Government’s plan to deregister charities for trifling offences is an overreach
The federal government plans to change the regulations governing charity and not-for-profit organisations. Under the proposed laws, the government will be able to deregister charities if a member or volunteer for the group commits a minor offence while joining a demonstration. (See Unlawful activity – changes to the governance standards for registered charities, The Treasury.)
Issuing a press release in December 2020, Charities supporting unlawful behaviour will not be tolerated, the Assistant Minister for Finance, Charities and Electoral Matters, Zed Seselja, stated that some organisations were using their position as charities to engage in and promote activities that were not legitimate charitable acts, and were even criminal.
Changes supposedly intended to stop unlawful activity within charities
In a statement released in March 2021, Protecting workers from illegal activity, Assistant Treasurer Michael Sukkar said: “Political activists and organisations condoning and participating in criminal activities, while masquerading as charities, undermine Australians’ trust in the sector overall and do not deserve this privilege.”
“Australians subsidise charities through tax concessions, with the expectation that donated money goes to charitable works, not the promotion of and participation in criminal activities.
“There is nothing charitable about assault, late-night break-ins, threatening behaviour and illegal blockades,” Mr Sukkar said.
Proposed changes an attempt to silence activists
The government has not identified the charities it is targeting, nor who is committing the criminal acts it cites. But critics say the proposed changes are clearly aimed at stifling activist protests, such as those carried out by Greenpeace, GetUp and student groups.
It could also impact church charities whose members protest against the treatment of refugees.
Greenpeace is a registered charity and donations are tax-deductible, while GetUp is a not-for-profit organisation and donations are not tax-deductible.
Broad nature of proposed changes leaves them open to interpretation
The wording of the proposed changes is so broad that it threatens Australia’s 59,000 charities with draconian consequences for minor breaches of the law.
The changes would require registered entities to take “reasonable steps” to ensure their “resources” are not used to promote or support unlawful activities. This could apply to members who commit a minor crime and who have used a charity’s funds, website, social media account, mailing list or offices.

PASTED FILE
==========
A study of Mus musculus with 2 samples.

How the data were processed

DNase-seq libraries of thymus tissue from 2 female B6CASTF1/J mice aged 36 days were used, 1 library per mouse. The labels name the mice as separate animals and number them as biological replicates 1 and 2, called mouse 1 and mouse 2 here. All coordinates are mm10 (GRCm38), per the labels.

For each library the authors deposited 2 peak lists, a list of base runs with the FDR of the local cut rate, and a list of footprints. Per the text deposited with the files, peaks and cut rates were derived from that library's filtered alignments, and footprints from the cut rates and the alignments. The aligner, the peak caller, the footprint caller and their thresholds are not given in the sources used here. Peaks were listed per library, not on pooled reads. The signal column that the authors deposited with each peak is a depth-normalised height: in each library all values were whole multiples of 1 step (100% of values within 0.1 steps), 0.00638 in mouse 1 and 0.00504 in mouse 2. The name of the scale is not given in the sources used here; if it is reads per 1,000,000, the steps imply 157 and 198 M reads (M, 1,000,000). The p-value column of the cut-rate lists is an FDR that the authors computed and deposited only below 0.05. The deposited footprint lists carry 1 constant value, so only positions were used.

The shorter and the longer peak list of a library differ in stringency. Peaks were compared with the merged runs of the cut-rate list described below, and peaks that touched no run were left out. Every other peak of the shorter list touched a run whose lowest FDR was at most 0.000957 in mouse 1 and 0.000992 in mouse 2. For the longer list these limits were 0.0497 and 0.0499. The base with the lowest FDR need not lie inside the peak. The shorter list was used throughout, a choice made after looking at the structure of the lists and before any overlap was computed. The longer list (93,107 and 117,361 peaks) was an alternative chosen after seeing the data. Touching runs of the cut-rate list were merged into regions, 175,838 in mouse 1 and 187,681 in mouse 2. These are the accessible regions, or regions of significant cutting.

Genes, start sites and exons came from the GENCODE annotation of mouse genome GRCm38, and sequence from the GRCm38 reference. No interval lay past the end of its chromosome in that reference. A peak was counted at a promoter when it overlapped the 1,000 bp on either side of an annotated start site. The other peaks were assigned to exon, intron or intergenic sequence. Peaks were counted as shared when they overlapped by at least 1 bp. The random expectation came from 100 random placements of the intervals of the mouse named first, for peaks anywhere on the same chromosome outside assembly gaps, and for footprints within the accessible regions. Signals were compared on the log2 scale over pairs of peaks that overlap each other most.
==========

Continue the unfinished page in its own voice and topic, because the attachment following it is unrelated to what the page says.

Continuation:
Laws already exist to deregister charities engaging in fraudulent activity
The Australian Charities and Not-For-Profits Commission Regulation 2013 currently allows the Australian Charities and Not-for-Profits Commissioner to revoke a group’s charity status if it engages in conduct that is an indictable offence, such as fraud. (See also ACNC Governance Standards.)
But this proposed new regulation goes much further. Members don’t even have to have been convicted of an offence. Damage to property can be “tangible or intangible” and damage to persons includes the “risk or threat” to cause injury.
The offences that could deregister charities include an “unlawful gathering”, trespass, vandalism, theft, assault or threatening violence.
Charities could be deregistered if they “may” commit an illegal act
Under the proposed changes, charities can lose registration if the Commissioner simply “believes” an entity has not complied with the new standards. Even worse, they can lose registration if “it is more likely than not that the registered entity will not comply with such a standard”.
This leaves charities wide open to losing tax-deductible status if the Commissioner decides they might do something in the future, even though they haven’t done anything illegal yet.
Furthermore, charities or not-for-profits could lose their registration if one of their members or volunteers sits in a road blocking traffic, paints slogans, or uses their website or mailing list to encourage people to attend a demonstration.
Even though this may not be the stated intent of the government, once the legislation is in place it can be enforced on its own terms.
There are plenty of overzealous people in the world. If it is not intended that someone in power could use this new law to break up an annoying charity which campaigns against government policy, then they shouldn’t be given the power to do it.
Industry authorities express concerns over proposed changes
Professor Ruth Phillips of Sydney University told The Guardian the crackdown appears designed to target protests by environmental groups as part of a controlling response to dissent or criticism. (See Australian government crackdown on charities will stifle political advocacy, experts say, The Guardian, May 2021.)
The Law Council of Australia made a submission to The Treasury, saying the wording was far too broad and was an overreach.
The submission pointed out the proposed punishment does not apply to groups which receive government funding, such as political parties, lobby groups and corporations. (See Exposure Draft Consultation on Unlawful Activity – Changes to the Governance Standards for Registered Charities, Law Council of Australia, March 2021.)
“The proposal may inhibit legitimate public dialogue to the detriment of representative democracy,” the Law Council said.